Joe Glauber confirmed what many Canadian farmers believed during the Doha Round of World Trade Organization (WTO) talks from 2001 to 2008: the Americans were promoting farm subsidy cuts, while increasing their own.
In 2001 the United States spent $10 billion in market loans to offset low prices for U.S. wheat, corn and soybeans, Glauber, USDA’s former chief economist and now senior research fellow at the International Food Policy Research Institute in Washington, D.C. said at Fields on Wheels in Winnipeg Oct. 21.
“I think it caused a real conundrum,” Glauber said.
Canada has been accused of hypocrisy too, for promoting market access except for supply-managed products chicken, turkey and dairy.
Although trade liberalization is meeting resistance, Glauber expects it will become more popular again putting more pressure on supply management.
“It is hard to maintain supply management control if you start giving concessions,” Glauber said. “The only way to maintain those things is to keep a really high tariff wall at the border that gets harder and harder and harder. That said, I thought the U.S. sugar program (which restricts sugar imports) would be reformed by the time NAFTA was fully implemented and they found a way to renegotiate that with a nice side agreement. We just have to think over the long run that those would get undermined by market access. To me, the real tragedy is they hold us hostage.”
The results are agreements such as the Trans-Pacific Partnership that carve out certain products.
Domestic politics influences trade deals, he added. Dairy production is also sensitive in the U.S.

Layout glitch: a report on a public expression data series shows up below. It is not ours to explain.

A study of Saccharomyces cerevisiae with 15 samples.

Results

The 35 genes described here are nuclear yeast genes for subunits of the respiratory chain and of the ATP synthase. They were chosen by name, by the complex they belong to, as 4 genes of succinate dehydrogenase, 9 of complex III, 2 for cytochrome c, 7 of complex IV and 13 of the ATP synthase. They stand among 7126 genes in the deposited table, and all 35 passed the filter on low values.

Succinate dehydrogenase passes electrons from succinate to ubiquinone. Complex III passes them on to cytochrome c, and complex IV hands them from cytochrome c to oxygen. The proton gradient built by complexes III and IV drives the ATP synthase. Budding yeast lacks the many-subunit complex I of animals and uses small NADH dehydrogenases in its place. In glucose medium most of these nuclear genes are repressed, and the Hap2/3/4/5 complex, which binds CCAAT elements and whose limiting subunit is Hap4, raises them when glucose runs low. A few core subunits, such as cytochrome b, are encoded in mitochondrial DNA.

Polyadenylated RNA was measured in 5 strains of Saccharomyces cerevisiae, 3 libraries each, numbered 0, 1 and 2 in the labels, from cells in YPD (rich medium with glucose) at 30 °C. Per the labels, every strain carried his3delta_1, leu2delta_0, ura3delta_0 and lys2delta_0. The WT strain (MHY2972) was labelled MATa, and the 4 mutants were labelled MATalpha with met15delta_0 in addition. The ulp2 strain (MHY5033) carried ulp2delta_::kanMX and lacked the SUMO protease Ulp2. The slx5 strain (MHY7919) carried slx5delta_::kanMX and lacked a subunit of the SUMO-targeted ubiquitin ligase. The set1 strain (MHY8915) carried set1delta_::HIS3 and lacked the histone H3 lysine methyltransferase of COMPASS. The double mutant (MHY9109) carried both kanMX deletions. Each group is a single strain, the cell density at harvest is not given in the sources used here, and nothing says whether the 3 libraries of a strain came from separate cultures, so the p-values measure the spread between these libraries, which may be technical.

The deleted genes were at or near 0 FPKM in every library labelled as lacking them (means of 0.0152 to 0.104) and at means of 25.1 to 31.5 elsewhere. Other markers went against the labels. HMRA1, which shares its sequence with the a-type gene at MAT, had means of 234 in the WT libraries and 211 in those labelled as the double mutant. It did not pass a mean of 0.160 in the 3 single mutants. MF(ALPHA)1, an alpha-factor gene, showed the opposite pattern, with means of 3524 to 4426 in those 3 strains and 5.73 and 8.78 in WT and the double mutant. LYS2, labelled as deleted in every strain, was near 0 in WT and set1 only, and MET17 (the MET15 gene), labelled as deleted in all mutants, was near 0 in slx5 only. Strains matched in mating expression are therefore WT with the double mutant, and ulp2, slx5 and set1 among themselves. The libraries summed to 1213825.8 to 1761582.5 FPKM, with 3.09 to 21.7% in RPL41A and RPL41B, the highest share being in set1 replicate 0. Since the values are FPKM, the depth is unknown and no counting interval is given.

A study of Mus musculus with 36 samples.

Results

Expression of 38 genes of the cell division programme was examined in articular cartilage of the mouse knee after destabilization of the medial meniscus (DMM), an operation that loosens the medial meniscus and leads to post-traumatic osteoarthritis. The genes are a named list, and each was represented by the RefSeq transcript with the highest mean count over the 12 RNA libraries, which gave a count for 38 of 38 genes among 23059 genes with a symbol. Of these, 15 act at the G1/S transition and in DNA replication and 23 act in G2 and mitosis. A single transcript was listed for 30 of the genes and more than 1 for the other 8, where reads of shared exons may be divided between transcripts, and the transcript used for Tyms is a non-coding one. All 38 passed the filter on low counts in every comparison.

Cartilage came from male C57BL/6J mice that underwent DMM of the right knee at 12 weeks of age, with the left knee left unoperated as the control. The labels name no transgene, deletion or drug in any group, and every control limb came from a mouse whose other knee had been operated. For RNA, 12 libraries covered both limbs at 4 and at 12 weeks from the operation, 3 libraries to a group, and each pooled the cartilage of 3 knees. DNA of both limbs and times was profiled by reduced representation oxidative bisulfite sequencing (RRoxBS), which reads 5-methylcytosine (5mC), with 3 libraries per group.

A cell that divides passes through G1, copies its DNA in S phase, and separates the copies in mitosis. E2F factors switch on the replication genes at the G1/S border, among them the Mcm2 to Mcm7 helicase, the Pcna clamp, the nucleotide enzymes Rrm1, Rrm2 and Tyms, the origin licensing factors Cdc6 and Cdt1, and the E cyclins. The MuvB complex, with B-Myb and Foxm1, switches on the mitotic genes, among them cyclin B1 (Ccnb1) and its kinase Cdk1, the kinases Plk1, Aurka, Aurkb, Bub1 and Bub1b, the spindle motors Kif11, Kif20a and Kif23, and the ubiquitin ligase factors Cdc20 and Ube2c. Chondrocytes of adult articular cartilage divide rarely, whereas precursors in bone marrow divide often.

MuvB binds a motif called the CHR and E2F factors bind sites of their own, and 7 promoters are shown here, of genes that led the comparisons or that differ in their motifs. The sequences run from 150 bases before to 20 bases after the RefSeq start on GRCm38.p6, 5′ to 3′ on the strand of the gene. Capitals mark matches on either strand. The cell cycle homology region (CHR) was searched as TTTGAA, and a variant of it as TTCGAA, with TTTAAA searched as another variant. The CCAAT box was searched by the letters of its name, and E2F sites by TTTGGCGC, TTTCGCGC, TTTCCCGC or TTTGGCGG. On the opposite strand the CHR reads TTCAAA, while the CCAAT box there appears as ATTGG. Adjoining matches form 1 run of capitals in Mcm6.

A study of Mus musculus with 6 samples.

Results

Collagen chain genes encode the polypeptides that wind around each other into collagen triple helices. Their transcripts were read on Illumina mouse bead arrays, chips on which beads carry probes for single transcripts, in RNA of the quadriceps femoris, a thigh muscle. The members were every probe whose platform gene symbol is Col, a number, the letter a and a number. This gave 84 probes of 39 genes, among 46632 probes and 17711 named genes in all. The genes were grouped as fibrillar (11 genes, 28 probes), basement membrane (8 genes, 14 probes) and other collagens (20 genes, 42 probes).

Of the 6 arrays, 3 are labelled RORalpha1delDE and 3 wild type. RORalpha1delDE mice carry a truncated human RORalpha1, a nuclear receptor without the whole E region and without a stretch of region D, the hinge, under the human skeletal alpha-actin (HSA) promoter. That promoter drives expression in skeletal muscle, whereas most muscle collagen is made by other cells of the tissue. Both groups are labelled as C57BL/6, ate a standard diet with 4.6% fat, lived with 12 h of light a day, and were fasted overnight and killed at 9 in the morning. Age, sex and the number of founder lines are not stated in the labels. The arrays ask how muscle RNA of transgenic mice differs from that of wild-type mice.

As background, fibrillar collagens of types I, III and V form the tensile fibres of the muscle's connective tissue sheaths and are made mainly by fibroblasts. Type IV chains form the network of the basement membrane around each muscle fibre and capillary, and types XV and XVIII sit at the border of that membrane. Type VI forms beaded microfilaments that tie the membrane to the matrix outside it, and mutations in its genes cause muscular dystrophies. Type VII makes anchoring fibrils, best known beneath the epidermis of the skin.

“You’ve got cows everywhere. But our dairy industry certainly now realizes it can export.”
While past WTO agreements helped decouple domestic farm subsidies from farm production (considered the most distorting), they are on the rise in developing countries, Glauber said.
“India and China have big domestic support programs with pretty much blank cheques to create some fairly large domestic support programs,” he said. “I really think that they’ll have to be addressed at some time.”
If they aren’t, surplus grain stocks are the likely result. Then they’ll be dumped on world markets or sold with the help of export subsidies, Glauber said. Either way means lower world prices.
While China has cut its corn production subsidy, similar support still exists for wheat and rice, he said.
Farm subsidies are also increasing in crop insurance programs, Glauber said. China has the second-largest crop insurance program in the world and 80 per cent of premiums are subsidized, he said.
“These programs are growing exponentially around the world and most aren’t yet reported,” he said. “China does not report this to the WTO at all.
“This is a big program all of a sudden. There are a lot of people concerned about, at a certain level of subsidy, what the impact on production might be. And I think most of this is coming in under the radar. I think there is a lot of reason for the WTO to be dealing with domestic support.”